Last week, in a post on the how dreadful the job market is, I mentioned that “some” argue that the 99-week limit on Unemployment Insurance is actually creating unemployment. One of those “some” is Robert Barro, an economics professor at Harvard University and a senior fellow at Stanford University’s Hoover Institution, who articulates this claim in a Wall Street Journal op-ed (where else?) yesterday.
The unemployment-insurance program involves a balance between compassion–providing for persons temporarily without work–and efficiency. The loss in efficiency results partly because the program subsidizes unemployment, causing insufficient job-search, job-acceptance and levels of employment. A further inefficiency concerns the distortions from the increases in taxes required to pay for the program.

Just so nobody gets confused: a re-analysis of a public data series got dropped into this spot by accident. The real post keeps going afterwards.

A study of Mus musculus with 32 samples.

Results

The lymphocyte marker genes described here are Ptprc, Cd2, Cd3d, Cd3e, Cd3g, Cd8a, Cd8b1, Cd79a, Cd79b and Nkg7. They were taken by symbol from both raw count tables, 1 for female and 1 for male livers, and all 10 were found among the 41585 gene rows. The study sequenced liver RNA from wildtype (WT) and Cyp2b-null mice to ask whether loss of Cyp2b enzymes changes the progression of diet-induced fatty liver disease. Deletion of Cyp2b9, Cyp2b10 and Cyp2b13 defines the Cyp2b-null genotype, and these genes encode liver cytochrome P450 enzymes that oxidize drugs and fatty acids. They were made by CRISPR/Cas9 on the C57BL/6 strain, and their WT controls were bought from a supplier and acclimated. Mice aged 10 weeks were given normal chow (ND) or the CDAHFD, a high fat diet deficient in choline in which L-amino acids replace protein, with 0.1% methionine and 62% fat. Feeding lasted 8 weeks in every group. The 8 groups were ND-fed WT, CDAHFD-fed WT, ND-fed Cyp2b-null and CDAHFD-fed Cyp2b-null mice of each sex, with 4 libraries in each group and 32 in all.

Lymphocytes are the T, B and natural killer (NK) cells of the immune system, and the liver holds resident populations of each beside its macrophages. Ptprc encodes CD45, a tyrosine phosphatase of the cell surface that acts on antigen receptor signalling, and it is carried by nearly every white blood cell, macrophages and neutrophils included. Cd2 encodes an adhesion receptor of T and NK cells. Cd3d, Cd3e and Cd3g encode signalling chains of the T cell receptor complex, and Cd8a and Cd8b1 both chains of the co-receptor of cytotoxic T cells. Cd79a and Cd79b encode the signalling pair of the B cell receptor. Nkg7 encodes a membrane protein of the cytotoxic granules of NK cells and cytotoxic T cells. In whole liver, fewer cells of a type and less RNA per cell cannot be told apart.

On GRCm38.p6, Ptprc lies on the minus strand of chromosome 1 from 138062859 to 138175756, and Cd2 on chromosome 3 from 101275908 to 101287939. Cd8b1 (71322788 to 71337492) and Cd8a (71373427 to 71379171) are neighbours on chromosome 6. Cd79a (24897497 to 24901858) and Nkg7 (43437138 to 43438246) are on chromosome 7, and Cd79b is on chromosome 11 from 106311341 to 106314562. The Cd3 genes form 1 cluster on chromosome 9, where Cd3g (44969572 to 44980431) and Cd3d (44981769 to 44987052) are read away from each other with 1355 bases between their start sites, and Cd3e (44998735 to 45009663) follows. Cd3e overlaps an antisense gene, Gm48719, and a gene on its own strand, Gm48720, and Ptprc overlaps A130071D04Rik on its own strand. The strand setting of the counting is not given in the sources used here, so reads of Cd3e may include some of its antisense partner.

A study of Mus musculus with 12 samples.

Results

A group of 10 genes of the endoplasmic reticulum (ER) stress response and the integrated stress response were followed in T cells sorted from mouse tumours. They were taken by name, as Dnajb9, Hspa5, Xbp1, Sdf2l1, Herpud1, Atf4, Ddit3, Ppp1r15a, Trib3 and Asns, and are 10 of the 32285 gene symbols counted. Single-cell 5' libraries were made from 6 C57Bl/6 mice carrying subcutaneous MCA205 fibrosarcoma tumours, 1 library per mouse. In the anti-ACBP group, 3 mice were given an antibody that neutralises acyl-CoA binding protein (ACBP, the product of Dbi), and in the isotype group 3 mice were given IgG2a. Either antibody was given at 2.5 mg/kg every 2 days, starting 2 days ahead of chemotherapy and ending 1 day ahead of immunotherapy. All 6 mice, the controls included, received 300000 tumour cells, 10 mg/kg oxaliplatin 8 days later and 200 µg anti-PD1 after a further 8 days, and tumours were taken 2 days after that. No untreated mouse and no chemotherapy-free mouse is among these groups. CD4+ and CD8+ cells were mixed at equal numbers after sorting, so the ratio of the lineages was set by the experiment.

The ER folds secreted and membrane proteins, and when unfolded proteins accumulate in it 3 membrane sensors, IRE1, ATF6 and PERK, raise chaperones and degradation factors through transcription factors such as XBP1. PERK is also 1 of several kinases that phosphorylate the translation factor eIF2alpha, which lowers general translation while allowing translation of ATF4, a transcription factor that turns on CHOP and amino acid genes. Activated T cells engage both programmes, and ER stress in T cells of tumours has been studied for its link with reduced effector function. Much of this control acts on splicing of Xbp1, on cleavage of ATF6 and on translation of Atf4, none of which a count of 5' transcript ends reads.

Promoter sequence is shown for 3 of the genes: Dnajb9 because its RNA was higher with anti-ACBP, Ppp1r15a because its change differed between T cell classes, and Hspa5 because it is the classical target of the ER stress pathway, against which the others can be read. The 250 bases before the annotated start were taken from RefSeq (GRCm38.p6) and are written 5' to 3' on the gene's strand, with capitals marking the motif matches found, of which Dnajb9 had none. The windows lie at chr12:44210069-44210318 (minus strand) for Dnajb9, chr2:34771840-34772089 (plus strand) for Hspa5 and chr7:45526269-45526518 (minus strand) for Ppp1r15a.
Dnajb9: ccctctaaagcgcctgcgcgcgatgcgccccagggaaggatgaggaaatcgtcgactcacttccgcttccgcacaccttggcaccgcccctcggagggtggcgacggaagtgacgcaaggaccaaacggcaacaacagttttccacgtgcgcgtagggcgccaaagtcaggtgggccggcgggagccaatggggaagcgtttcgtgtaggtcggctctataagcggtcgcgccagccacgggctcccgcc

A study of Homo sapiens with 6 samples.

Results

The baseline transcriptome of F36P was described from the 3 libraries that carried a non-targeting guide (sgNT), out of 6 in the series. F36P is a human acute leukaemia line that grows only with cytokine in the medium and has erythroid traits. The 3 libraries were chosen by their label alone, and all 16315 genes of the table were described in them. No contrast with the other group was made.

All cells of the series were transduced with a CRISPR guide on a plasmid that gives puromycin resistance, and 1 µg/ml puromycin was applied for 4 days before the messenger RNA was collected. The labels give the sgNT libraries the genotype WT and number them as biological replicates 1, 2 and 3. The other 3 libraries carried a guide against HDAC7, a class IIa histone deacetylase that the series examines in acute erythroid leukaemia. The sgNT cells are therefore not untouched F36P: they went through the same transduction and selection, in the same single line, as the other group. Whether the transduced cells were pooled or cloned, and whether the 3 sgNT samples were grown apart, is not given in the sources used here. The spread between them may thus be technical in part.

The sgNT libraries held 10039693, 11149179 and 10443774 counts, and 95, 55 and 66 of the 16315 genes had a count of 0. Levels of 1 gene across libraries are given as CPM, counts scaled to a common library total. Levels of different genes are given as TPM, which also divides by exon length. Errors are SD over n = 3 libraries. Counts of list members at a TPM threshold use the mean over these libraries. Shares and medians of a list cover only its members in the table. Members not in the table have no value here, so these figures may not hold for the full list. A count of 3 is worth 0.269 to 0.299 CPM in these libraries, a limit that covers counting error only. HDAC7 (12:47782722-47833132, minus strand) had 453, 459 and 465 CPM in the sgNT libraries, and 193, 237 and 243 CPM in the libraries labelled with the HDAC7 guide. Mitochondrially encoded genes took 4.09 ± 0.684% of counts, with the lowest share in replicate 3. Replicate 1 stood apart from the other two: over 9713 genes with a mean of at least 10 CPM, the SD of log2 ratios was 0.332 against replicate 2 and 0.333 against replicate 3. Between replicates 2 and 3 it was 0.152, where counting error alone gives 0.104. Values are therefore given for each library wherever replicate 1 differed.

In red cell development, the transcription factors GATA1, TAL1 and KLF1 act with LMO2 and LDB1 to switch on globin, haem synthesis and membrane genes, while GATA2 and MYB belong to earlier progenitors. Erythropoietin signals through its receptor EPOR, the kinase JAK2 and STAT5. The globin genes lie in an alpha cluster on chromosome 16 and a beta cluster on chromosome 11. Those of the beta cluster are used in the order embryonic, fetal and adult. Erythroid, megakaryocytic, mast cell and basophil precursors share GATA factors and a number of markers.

Barro sums it all by saying that if it weren’t for this overly generous safety net, the unemployment rate would be 6.8% instead of today’s 9.5%.
But, as Bob Williams at the Tax Policy Center notes, a new study by two researchers at the Federal Reserve Bank of San Francisco paints a totally different picture.
Research by Rob Valletta and Katherine Kuan at the Federal Reserve Bank of San Francisco suggests that the effect of extended benefits would be much smaller than Barro’s estimate, probably less than half a percentage point. They found only small differences between how quickly job losers (who qualify for unemployment benefits) and job quitters (who don’t) find new jobs, suggesting that duration of benefits has only a small effect on today’s high unemployment rate.
Valletta’s and Kuan’s study also conveniently makes sense when you consider that for every job opening there are five potential applicants.